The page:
GUIDELINES are being set up for the gradual removal in the Catholic Church of the arancel system, or the Church “practice of giving stipends to priests for specific church services,” the Catholic Bishops Conference of the Philippines said.
Archbishop Socrates Villegas of Lingayen-Dagupan scrapped the system of charging fixed rates for sacraments and sacramentals in his archdiocese as early as 2015, the CBCP, citing that example, said in a statement on Tuesday.
“Bishops take everything into consideration because their parishes have varying realities,” the statement noted.
In Manila, the country’s largest archdiocese, some parishes have already started ‘to calibrate their finances’ towards the removal of arancel.
Fr. Roy Bellen of the Manila archdiocese’s communications office said the target is to end the arancel system by 2021, the fifth centenary of the arrival of Christianity in the Philippines.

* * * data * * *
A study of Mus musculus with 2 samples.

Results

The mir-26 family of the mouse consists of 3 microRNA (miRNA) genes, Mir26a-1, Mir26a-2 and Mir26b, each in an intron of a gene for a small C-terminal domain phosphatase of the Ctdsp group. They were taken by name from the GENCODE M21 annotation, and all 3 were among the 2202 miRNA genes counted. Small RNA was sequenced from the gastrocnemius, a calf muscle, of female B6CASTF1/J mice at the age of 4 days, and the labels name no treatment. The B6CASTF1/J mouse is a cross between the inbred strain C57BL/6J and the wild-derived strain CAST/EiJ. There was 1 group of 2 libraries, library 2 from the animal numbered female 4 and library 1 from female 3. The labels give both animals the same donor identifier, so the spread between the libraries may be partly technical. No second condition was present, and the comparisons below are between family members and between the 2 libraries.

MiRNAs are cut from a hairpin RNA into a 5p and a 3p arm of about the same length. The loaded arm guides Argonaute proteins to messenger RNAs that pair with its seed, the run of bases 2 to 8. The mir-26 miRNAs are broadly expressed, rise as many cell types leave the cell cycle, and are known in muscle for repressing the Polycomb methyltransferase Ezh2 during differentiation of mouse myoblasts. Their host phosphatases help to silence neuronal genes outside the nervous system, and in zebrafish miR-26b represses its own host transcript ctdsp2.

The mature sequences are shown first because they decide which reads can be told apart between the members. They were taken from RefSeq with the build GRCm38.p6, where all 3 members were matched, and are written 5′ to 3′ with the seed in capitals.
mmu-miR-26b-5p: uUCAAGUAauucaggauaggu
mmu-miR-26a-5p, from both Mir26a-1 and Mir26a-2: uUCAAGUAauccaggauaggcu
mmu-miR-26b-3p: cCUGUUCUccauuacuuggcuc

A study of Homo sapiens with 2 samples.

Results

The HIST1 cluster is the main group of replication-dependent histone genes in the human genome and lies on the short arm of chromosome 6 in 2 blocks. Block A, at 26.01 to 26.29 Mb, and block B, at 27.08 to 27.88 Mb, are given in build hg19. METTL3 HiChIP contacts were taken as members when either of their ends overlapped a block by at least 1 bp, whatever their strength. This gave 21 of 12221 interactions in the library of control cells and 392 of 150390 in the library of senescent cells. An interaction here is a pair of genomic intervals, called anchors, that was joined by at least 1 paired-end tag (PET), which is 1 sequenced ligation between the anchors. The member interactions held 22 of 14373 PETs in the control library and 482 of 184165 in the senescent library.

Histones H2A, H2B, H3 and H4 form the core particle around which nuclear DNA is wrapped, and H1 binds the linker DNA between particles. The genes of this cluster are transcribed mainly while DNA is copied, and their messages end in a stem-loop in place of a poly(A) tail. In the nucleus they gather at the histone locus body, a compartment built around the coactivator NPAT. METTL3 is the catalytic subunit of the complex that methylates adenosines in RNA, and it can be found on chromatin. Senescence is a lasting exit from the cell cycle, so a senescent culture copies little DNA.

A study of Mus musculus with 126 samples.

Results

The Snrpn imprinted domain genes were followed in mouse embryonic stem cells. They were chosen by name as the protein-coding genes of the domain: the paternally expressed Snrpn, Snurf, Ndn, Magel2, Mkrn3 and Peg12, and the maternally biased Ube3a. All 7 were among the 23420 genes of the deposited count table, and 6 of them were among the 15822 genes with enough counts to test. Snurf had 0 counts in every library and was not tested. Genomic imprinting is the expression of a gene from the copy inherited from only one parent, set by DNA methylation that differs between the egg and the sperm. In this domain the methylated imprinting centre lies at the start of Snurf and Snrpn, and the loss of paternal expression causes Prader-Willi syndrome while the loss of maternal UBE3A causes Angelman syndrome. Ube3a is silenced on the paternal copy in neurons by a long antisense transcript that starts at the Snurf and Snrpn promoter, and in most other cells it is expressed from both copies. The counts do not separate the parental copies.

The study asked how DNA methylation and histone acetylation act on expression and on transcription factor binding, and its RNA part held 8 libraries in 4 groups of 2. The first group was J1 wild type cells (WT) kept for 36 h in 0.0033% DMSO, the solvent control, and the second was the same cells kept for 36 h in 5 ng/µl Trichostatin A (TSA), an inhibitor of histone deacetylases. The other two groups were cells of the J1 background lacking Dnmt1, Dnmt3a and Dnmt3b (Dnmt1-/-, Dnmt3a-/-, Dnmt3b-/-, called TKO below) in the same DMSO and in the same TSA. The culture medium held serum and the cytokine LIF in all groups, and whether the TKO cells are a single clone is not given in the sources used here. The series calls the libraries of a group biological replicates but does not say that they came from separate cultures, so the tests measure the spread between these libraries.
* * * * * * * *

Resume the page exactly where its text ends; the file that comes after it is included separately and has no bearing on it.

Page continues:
“This hopefully can be a gauge of the faithful of their change of paradigm in support the Church rather than thinking of ‘buying the sacraments’ from the Church,” he said.
Saying that sacraments are gifts from God, Pope Francis has repeatedly urged churches to give services freely, the statement noted.
“The latest to follow suit is Bishop Ruperto Santos of Balanga who ordered the removal of fees for funeral masses and blessings in his diocese,” the statement said.
“Financial obligations from the perspective of the Church are not of prime importance and must not be a burden to them,” Bishop Santos wrote in a circular on Tuesday. He also ordered that no fees for masses must be required by priests even for those in funeral parlors and memorial chapels.
“We should not obliged them either for the arancel, but we can be open for their free will to give or donate for the Church.”
Bishop Santos said their next plan is to start removing arancel on baptism, weddings, confirmation and Masses in the few years to come.